Chinese Corporate Culture
|Alice Poon||Mar 1, 2008|
If one has ever worked for a Chinese-owned company, chances are that one would find its operation bears much resemblance to a Chinese dynastic empire that existed hundreds or thousands of years ago. At least this is true from my own experience and observations and those of some of my ex-colleagues.
A Chinese emperor is said to have a “Mandate of Heaven” and his rule is supreme and despotic and never to be challenged by his subjects. Similarly, a patriarchal and totalitarian system is central to corporate management style in a Chinese-owned company. Similarities abound between the empire and the company in areas ranging from the power core set-up, to emperor-minister (boss-manager) relationship, to behavioral patterns amongst ministers (managers).
The power core of an empire consists of the emperor and his male heirs, but not his brothers. There are numerous incidents in history where rivalry among brothers in vying for the throne, which represents absolute power, leads to ruthless elimination of siblings. The “Incident at Xuanwu Gate” (玄武門之變) in the Tang Dynasty is one famous example. Other similar feuds among princes can be found in the Qing Dynasty. The essence in these incidents is that the end of seizing that absolute power justifies all means, including murder of one’s brothers.
Apart from the main power core, there is also a shadow power core made up of the emperor’s spouse and his harem of concubines who exert enormous influence over the emperor in a surreptitious way. While the legitimacy of the emperor’s rule comes from a “Mandate of Heaven”, the shadow power core derives its authority from the emperor himself. As history shows, “pillow talk” is more powerful than one would ever imagine and can often have murderous effect on those who dare to rub these women the wrong way.
The Chinese corporate boss, like the emperor, assumes absolute power over his company and is unlikely to relinquish it to his heirs until his death. It does not matter whether he is a Western educated MBA or just a high school graduate. As long as he is an ethnic Chinese, it is more likely than not that he considers himself the “emperor” of his company and treats his employees as though they were his subjects. He is the sole decision-making person and is accountable to no one within the company’s management hierarchy. It is highly unlikely that he would want to share his power with any one.
An emperor, as the “Son of Heaven”, demands absolute allegiance and loyalty from his court and his subjects. He asks for advice from his ministers but is free to dismiss it at will. He hates to be contradicted but urges his ministers to speak the truth. Absent any checks on his absolute power, the emperor’s greatest weakness is his basic distrust of those who work for him. Nothing illustrates this more clearly than the tragic and torturous death of a patriotic and loyal general (袁崇煥) in the Ming Dynasty, who was unlucky enough to rouse the petty suspicion of the last Ming emperor.
On the flip side, the ministers never speak their minds even if they know that would be the right thing to do. Instead, they try to speculate on the emperor’s intentions and offer sycophantic opinions. His subjects, out of fear of harsh punishment if they step out of line, tend to be passive, uncreative and indifferent.
In the modern-day corporate arena, the Chinese boss plays the emperor’s role and acts in pretty much the same way as described above. In this scenario, the role of dynastic ministers is taken by senior managers while that of subjects is taken by other staff members. To keep a tight rein on senior managers, the boss usually requires them to report in detail their activities in frequent regular meetings. They are expected to devote their heart and mind fully to serving the boss at all hours. Even then, the boss still would not trust his senior managers to take part in important decision making, not unless they have been with the company for at least twenty years.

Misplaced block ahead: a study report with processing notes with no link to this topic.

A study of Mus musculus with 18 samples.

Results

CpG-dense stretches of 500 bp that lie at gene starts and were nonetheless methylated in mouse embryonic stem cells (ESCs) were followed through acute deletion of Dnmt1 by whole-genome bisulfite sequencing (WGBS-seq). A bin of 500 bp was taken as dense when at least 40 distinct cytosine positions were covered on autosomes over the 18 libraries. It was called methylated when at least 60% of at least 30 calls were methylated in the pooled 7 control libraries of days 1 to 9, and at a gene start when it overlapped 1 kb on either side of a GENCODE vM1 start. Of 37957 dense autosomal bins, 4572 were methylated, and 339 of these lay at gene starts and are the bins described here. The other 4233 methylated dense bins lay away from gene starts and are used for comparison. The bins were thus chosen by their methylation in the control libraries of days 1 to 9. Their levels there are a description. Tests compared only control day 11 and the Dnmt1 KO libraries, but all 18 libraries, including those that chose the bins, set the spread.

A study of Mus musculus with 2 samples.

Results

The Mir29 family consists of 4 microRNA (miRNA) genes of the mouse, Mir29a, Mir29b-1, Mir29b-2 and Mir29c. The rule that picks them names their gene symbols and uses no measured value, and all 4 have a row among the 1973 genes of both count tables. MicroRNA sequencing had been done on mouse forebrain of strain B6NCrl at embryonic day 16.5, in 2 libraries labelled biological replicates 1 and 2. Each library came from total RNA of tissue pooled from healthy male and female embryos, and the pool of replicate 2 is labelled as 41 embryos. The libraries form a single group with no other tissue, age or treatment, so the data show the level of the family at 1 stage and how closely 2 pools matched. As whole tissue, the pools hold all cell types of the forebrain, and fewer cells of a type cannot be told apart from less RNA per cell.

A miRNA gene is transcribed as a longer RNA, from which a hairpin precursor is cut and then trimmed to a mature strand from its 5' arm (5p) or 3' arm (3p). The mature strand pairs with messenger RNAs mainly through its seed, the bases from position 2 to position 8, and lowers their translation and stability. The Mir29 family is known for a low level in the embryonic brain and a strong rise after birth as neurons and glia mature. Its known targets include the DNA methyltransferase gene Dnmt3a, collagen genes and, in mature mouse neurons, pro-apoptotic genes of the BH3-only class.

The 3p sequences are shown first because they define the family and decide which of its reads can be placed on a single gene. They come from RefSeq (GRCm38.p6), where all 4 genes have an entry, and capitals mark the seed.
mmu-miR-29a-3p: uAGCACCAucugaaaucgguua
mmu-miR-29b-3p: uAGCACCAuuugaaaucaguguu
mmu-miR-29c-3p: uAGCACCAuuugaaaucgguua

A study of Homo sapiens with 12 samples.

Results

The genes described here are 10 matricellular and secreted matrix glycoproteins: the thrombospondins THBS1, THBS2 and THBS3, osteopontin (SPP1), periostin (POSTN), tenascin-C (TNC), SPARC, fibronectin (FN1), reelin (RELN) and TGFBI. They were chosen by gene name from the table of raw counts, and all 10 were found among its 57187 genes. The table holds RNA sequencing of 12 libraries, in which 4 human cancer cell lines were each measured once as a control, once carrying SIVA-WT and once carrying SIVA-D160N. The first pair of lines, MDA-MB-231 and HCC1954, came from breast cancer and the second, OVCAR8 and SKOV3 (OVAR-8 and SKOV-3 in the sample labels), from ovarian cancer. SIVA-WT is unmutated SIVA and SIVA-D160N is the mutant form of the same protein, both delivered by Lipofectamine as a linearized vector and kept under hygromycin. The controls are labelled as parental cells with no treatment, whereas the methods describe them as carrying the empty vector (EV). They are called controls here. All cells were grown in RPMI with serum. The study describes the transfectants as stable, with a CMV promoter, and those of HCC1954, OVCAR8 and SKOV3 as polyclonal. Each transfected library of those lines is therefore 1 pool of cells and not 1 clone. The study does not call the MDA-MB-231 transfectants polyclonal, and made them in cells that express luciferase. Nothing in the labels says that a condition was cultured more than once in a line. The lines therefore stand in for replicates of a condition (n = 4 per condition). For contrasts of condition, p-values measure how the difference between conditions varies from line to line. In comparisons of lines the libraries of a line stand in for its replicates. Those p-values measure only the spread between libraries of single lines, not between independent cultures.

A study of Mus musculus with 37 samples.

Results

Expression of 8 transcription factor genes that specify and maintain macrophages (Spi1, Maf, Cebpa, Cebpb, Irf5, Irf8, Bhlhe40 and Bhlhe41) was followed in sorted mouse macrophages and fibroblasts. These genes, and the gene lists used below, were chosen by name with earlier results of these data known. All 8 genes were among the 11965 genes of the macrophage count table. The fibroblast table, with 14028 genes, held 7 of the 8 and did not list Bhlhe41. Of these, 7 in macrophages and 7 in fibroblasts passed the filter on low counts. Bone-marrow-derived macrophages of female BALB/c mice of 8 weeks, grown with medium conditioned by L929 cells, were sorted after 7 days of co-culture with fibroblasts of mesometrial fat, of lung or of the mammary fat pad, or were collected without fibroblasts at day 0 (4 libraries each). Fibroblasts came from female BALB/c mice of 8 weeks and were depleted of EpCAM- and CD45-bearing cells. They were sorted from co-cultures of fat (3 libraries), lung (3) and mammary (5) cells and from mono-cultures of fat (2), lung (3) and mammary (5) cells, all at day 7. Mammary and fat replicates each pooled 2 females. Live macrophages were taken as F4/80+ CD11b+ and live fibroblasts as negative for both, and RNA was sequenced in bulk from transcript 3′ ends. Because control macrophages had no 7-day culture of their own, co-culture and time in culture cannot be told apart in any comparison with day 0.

In the dynastic age, it is common for ministers to bribe the emperor’s waiting eunuchs and concubines in order to get tipped on the mood of the Son of Heaven, so that appropriate fawning tricks can be applied. It is just as common for ministers and eunuchs to collude with each other to extract power from the emperor, sometimes for treason purpose. In the process, the darkest sides of human nature in the form of venomous rivalry and back-stabbing betrayal are in full display. The emperor, under enormous pressure from holding absolute power, usually becomes so paranoid that he finds it hard to confide in anyone other than the eunuch who serves him day and night or his favorite concubine, thus emboldening them to seek power. Thus ambitious ministers would often try to enter into a symbiotic relationship with the emperor’s eunuch or his sweetheart and would constantly contrive to outsmart each other.
In their contest for the boss’s attention, some senior managers spend far more time in engaging in slimy politics than doing real work within the corporate confines. Their chief aim is to please the boss and his clan (especially his spouse or lover, and sometimes his secretary who is in the role of the ancient time eunuch) in whatever way they can, because that is the surest way of getting favors from him. In proving their worth to him, managers must do their best to discredit their rivals, either explicitly or furtively. They consider their peers as their natural enemies.
If one word can epitomize the interpersonal relationship within such a company, it is “distrust”, and it starts from the top. But it is hard to find an explanation for the everlasting lust for absolute power and absolute control. Could it be in the genes?